Wagner family

Stan Wagner holds a photo of his family. His son Walker (right), 9, was diagnosed with cancer at the age of 6. Walker is now cancer-free, but at increased risk of contracting mumps from other students at his school.

BOZEMAN - On Monday, parents of students at Emily Dickinson Elementary School and Chief Joseph Middle School received an email saying there had been a mumps outbreak at both schools.

The three new cases of mumps mark ten cases in Gallatin County over the last year. The airborne virus, which is spread by saliva or mucus, is preventable with a vaccine.

Stan Wagner, a Bozeman resident, says his son may have been exposed to other students with the virus.

Nine-year-old Walker was diagnosed with cancer three years ago. And while he beat the disease after 18 months of difficult radiation, now Wagner may need to pull his son out of school again due to Walker’s increased risk of getting the mumps post-chemo. Walker was vaccinated as a child, but the radiation may have reduced his risk of being able to fight off the virus.

Wagner is calling on parents who don’t vaccinate their children to hop on board.

“I know there’s a lot of people who don't believe in it,” Wagner says. “You know, I see them on social media, some of them I usually don't engage, but at this point I'm calling 'em. I'm calling 'em on it. It's time to get kids vaccinated so we can have all of these kids be healthy. The risks of these diseases isn't worth the hope that the kid won't get it."

Parents with concerns regarding vaccinations are encouraged to reach out and get answers, either from their doctors or the school system itself.

“What I find out,” says Bozeman Superintendent Robert Watson, “[is] sometimes the fear of things is a lot worse than it actually is. And sometimes you just need some questions answered.”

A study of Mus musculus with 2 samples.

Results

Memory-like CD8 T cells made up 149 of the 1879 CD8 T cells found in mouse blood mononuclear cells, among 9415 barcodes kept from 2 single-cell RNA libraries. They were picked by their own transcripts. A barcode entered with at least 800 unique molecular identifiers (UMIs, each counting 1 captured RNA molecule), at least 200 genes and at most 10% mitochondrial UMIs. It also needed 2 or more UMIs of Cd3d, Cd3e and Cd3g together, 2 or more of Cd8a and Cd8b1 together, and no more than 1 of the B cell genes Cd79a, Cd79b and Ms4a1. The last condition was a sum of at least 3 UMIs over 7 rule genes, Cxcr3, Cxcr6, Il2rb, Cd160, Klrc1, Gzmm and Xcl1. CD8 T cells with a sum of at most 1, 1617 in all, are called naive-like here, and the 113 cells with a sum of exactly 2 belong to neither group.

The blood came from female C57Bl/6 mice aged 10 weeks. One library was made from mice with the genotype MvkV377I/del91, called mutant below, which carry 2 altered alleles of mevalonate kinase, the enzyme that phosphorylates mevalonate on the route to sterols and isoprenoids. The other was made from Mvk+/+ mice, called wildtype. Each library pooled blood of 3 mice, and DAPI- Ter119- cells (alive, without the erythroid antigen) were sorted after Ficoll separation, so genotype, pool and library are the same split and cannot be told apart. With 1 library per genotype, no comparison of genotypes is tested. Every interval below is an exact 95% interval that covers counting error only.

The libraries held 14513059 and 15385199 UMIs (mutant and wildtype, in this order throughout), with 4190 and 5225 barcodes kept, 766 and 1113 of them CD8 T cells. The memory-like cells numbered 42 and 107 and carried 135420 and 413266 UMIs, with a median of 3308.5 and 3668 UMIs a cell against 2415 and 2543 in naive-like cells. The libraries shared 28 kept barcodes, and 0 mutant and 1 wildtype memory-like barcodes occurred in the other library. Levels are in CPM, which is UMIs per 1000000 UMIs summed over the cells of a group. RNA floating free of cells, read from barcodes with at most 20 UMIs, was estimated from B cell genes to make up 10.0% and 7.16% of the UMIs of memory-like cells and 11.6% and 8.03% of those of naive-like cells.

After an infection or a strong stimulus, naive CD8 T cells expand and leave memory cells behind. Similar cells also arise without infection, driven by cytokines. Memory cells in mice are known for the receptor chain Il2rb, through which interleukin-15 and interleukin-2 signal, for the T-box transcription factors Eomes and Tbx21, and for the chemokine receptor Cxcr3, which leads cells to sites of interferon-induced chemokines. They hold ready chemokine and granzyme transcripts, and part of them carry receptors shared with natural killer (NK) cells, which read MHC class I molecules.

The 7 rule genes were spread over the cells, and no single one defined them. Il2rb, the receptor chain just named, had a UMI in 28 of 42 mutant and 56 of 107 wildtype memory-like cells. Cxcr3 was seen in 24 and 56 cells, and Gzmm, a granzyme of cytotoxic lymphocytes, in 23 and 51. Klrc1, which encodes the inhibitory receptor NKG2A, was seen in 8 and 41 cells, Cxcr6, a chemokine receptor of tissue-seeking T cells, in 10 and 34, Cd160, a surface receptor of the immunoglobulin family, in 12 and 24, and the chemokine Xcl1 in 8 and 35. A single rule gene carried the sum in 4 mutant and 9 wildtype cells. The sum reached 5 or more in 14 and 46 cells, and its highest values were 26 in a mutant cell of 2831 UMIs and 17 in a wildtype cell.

School officials say they estimate 3-4% of Bozeman students are unvaccinated.

Says Gallatin City-County Health Officer Matt Kelley: “It’s a concern that these diseases that we once – if ever – saw are coming back, and we’re seeing a resurgence of the diseases.”

And it’s not just mumps outbreaks popping up; in Washington, an outbreak of the measles has prompted health officials to declare a public health emergency. For parents like Wagner, it’s crazy to see old problems coming to the forefront of the public consciousness again.

“The anti-vax movement, I really just don’t understand,” he admits. “I look at like, our grandparents and great-grandparents learned these really hard lessons and worked really hard to sort these things out for us, that we didn’t have to face them. And we’ve been there so long that we’ve forgotten those lessons.”

Before the mumps vaccine was created, the virus was the leading cause of acquired deafness in children. Now, officials urge all parents to vaccinate their children.

“Throughout my experience as a public health officer, I have never encountered a parent who’s not just trying to do the best thing for their child,” says Kelley. But “from a public health perspective, we know the evidence is clear that vaccines save lives.”

Mumps causes swilling of the salivary glands in the face, high fever, headaches, and body aches.

If you think your child has these symptoms, keep them at home and seek medical attention immediately, even if they’ve already been vaccinated. While the vaccine is extremely effective, it does not provide 100% protection.

The Gallatin County Health Department is offering walk-in immunization clinics at 215 W. Mendenhall in Bozeman from 9-11 AM and 1-4 PM through Thursday, February 14.